The Art of Doing It Cool

Here is a simple rule, that I am using in two of my campaigns: “Make it even cooler”.

Here’s the basics:

  • When a player is about to roll a d20-roll (attack roll, saving throw, skill check and the like), the player can choose another player to describe the scene even grander.
  • After the scene has been described, the player gains a bonus to his die roll. In D&D 3,5 we add +1d4 and in 4th ed. we add +1.

Here are two examples from a recent session with my The Night’s Dark Terror-group (yes, we’re playing that scenario. It is quite fun).

Example:

The Warlock with a Star Pact is about to whisper dread words in her opponents ears. The player chooses another player to describe the scene. The other player now describes how the warlock stretches her hand to the sky and even though it is broad daylight a star is visible and as the Warlock stretches her hand, it becomes shadowy and suddenly it reaches the star, grabs it and channel the dark secrets from the heavens through the warlock towards her opponents.

Example:

The rogue needs to stop an opponent with her throwing dagger. The player chooses another player to describe the scene. The other player describes how the rogue and the enchanted dagger becomes one, the dagger is perfectly balanced in the rogues hand, and for moment the rogue is perfectly still, then with a fluid moment her whole body moves, and faster than most can see, the dagger leaves her hand flying straight at it’s target.

After these descriptions, we add the modifier and have the player roll her dice.

The rule works and it works very well. It is also employed in my D&D Wizard campaign, where it has become a very important rule in combat, and it creates some of the most dramatic sorcery duels, I have ever experienced in roleplaying, as the spells becomes truly vivid and dramatic in their depictions.

Example:

It is midwinter and the wizard is guarding an open grave, when the Headless Horseman appears, and they begin duelling. The wizard has a feat allowing him to wield a Bastard Sword and he is armed with an ancient Flaming Bastard Sword related to his people in a distant past (he is a Flaem, a descendant of The Followers of Fire whose battle with the Followers of Air destroyed the homeworld of both followings). The player decides to blast the undead horror with a Scorching Ray and appoints one of the other players to describe the scene. The other player describes how the blade bursts into flame and how the wizard strikes the blade deep into the snowcovered ground, and from there tendrils of living flame erupts enveloping the enemy.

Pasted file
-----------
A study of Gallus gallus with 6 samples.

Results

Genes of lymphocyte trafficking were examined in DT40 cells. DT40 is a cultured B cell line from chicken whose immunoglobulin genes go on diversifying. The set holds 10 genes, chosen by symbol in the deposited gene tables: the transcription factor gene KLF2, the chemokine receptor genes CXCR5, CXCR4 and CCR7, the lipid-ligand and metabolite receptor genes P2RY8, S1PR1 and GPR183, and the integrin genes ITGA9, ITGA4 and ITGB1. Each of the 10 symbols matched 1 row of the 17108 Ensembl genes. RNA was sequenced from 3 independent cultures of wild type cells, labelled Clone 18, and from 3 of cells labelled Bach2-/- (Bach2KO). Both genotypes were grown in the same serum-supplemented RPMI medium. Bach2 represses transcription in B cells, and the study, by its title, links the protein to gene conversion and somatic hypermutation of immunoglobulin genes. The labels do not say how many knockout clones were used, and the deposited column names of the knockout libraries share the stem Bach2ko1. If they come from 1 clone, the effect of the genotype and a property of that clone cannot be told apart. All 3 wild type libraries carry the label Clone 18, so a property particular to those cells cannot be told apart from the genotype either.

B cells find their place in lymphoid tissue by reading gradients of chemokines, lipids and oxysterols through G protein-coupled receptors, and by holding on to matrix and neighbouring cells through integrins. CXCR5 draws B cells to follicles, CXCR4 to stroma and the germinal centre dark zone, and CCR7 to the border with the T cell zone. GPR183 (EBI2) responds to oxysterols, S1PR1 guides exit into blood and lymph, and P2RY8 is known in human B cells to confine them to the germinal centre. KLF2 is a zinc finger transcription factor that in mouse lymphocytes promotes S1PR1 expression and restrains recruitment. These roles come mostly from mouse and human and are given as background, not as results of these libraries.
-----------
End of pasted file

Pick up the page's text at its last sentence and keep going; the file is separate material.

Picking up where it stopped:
After this the player rolls the dice.

Next round the player uses another Scorching Ray-spell and he chooses a different player to the describe the effects. From the erupting flames to lines of explosive flames runs along the ground until they catch the opponent and envelop him in pure elemental fire.

And after this description the attack rolls are made for the rays.

In both descriptions we don’t care much about the official description of the spell in the rulebooks. The new description does not change the spell, nor does it guarantee success, thus when one of the above mentioned attack rolls failed, it meant, that I as the DM could describe how the enemy shook off the flames completely ignoring them – this too was cool and the enemy became even more frightening. I simply add my description to the players’ description, thus we keep adding the results of our actions to each other’s description.

The rule has several purposes

  • It adds flavor to the die rolls
  • It adds some ones else’s perspective to your character
  • It activates a player, whose turn it isn’t
  • It opens up new descriptions to old maneuvers, e.g. you may have described your warrior’s sword blow for the umpteenth time, but the player to your left haven’t done so
  • It inspires
  • The price for the bonus is, that you will have to allow somebody else to describe your character. For a moment you loose control.

Variants

It does not necessarily have to even cooler or more awesome, it can also be grimmer, darker, more heroic, or more passionate.

Easy to adapt

The rule can easily be adapted to your campaign and playing-style as well as to other systems. In Warhammer RPG the bonus would be +5% to the attack roll or perhaps +1 damage, and something like it could be done to GURPS, Mouse Guard or Storyteller.


Historiker, etnolog, brygger, fægter, rollespiller, science fiction entusiast History and Ethnology, brewer and fencer, roleplayer and science fiction enthusiast View all posts by Morten Greis

4 responses to “The Art of Doing It Cool

  • seaofstarsrpg

    Very clever and very intriguing. May have to try this out next time we play (and get into combat).

  • Morten Greis

    Thanks. Good luck with the rule. It works really great in my two campaigns both in and out of combat, as it is also used for skill checks.

  • Runeslinger

    I like this quite a bit. I often do an informal session after a game where I try to get the players to discuss what they think character x would do in situation y, and also encourage them to talk about cool things that they remember the others’ characters doing over the course of the campaign, but I think your proposal is a much better way of going about it.

    Thanks for the post~

    • Morten Greis

      Thanks, you’re welcome.

      It works wonder for us since it adds the cool moments to the instant it takes place. It also enriches the general descriptions of what is happening, and I’ve noticed that it help the characters grow, especially when you have one of your fellow players describe how your character is cool.